Kyi Lin, centre, accused of being involved in the murder of Ko Ni, is escorted as he arrives at the court in Rangoon on 17 March 2017. (Photo: AFP)

Four men accused of plotting the murder of prominent Burmese lawyer Ko Ni, who had also served as a legal adviser to de facto leader Aung San Suu Kyi, appeared in a Rangoon court on Friday.

Ko Ni was shot in the back of the head in late January in broad daylight outside Rangoon’s airport while waiting for a taxi with his infant grandson in his arms.

He was a vocal critic of the army’s lingering grip on power under Burma’s elected National League for Democracy government and Suu Kyi’s party has branded his killing a “terrorist act” designed to thwart their policies.

The gunman, Kyi Lin, was arrested at the scene after also shooting dead a cab driver who tried to stop him from escaping.

The four heard the murder charge against them at a Rangoon court on Friday.

Kyi Lin and Aung Win Zaw, who allegedly paid him to carry out the killing, were also charged with possessing an illegal weapon, a court official told AFP.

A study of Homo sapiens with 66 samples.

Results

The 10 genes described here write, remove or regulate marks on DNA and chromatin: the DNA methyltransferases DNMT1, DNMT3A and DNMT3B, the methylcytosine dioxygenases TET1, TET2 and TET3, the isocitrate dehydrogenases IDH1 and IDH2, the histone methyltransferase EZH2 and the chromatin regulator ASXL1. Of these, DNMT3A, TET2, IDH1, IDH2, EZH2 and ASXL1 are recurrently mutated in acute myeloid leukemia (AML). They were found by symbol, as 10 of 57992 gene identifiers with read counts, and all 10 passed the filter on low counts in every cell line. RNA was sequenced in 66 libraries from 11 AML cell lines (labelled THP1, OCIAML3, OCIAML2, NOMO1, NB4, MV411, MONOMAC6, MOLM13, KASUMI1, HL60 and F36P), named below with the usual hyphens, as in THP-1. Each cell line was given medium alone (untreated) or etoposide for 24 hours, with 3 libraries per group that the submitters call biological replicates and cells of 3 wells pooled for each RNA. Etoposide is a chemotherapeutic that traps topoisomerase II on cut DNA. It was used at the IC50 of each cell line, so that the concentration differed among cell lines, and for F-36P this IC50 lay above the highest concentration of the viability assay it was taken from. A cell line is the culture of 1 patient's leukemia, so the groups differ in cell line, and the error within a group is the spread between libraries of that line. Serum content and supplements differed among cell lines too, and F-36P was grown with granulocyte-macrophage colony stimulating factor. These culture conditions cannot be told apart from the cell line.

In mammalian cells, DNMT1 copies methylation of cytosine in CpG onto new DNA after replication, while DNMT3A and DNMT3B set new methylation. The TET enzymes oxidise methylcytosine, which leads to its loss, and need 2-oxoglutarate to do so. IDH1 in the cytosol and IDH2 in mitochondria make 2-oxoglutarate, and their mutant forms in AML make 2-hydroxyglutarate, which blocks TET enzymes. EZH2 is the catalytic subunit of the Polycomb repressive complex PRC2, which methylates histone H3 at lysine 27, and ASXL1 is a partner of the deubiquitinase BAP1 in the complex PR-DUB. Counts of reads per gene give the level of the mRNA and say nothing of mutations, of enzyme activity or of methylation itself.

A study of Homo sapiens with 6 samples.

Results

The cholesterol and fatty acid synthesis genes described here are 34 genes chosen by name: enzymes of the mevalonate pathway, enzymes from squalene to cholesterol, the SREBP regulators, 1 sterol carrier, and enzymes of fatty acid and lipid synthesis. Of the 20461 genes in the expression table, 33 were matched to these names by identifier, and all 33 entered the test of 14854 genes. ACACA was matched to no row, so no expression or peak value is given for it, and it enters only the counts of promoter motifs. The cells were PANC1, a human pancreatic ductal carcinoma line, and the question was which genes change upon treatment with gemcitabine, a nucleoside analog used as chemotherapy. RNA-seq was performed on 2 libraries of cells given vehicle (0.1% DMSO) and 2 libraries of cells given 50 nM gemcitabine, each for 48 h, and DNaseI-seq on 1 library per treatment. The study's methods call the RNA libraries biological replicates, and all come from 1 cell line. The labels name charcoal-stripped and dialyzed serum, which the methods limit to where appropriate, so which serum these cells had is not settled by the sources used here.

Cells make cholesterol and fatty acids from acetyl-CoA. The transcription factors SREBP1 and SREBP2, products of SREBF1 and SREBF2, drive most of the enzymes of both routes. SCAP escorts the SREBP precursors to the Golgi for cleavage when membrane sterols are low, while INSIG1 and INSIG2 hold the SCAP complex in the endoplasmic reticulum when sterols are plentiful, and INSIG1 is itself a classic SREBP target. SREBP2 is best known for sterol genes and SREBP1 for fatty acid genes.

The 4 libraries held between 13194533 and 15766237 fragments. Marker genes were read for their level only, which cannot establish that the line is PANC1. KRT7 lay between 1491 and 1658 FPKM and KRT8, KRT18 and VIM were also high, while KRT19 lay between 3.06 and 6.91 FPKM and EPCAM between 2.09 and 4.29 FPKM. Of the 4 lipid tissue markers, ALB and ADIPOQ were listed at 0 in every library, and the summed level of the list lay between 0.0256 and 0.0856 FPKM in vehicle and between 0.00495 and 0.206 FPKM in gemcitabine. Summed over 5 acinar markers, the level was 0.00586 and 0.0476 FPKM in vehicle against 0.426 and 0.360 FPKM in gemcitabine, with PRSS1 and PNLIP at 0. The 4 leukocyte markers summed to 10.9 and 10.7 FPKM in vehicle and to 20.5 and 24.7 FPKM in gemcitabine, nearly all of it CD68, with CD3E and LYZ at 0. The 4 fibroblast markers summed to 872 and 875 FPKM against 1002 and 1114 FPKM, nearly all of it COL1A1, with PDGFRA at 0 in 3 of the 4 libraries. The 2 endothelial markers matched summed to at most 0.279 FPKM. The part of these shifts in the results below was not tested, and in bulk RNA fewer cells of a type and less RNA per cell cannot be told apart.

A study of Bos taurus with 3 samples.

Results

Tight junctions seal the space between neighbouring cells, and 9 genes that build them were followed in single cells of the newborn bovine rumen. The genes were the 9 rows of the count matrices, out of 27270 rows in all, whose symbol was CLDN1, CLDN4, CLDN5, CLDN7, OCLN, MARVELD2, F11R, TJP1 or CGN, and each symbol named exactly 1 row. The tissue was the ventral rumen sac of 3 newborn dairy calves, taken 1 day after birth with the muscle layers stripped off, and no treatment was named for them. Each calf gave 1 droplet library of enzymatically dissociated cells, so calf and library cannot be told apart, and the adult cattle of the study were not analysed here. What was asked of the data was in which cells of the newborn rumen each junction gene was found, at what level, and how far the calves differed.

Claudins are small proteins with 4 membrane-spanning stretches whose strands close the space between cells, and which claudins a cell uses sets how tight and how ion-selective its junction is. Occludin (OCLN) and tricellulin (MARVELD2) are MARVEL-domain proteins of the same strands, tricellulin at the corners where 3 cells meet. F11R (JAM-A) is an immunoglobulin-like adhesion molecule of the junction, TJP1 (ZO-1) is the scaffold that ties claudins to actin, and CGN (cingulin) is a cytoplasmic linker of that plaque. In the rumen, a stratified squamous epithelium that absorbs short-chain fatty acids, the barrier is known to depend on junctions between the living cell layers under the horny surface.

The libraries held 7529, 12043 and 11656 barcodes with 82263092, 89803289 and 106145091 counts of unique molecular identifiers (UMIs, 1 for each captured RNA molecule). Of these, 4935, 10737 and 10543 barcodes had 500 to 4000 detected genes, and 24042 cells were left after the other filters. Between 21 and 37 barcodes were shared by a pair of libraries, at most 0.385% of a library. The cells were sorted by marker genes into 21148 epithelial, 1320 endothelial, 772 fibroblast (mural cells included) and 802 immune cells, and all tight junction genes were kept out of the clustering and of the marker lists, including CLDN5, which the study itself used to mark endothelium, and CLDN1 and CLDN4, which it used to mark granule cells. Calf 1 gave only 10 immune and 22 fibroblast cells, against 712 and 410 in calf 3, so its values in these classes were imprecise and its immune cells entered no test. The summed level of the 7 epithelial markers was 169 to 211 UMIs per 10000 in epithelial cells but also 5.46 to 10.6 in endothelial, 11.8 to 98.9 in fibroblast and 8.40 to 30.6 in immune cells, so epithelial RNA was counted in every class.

“We are standing for justice for U Ko Ni, who was assassinated. We are working for justice,” prosecution lawyer Nay La told reporters, using an honorific.

Two of the men in court are ex-military.

A fifth man accused of ordering the killing who remains on the run also has army ties, fuelling suspicions Ko Ni was murdered for trying to abolish a 2008 Constitution.

The charter, brought in under Burma’s former junta, bars Suu Kyi from becoming president and enshrines military control by guaranteeing them a quarter of parliament seats.

But commentator and friend of Ko Ni, Bertil Lintner, said it was “common knowledge” that the lawyer was close to finding a loophole.

“Ko Ni told several people, not only me, the same thing: It’s useless to try to change or amend the Constitution because the military controls 25 percent of all seats,” he said.

“But there’s nothing in the 2008 Constitution that says it can’t be abolished by a majority vote in the Parliament.”

Military officials have denied having any part in the shooting and pledged to bring the killers to justice.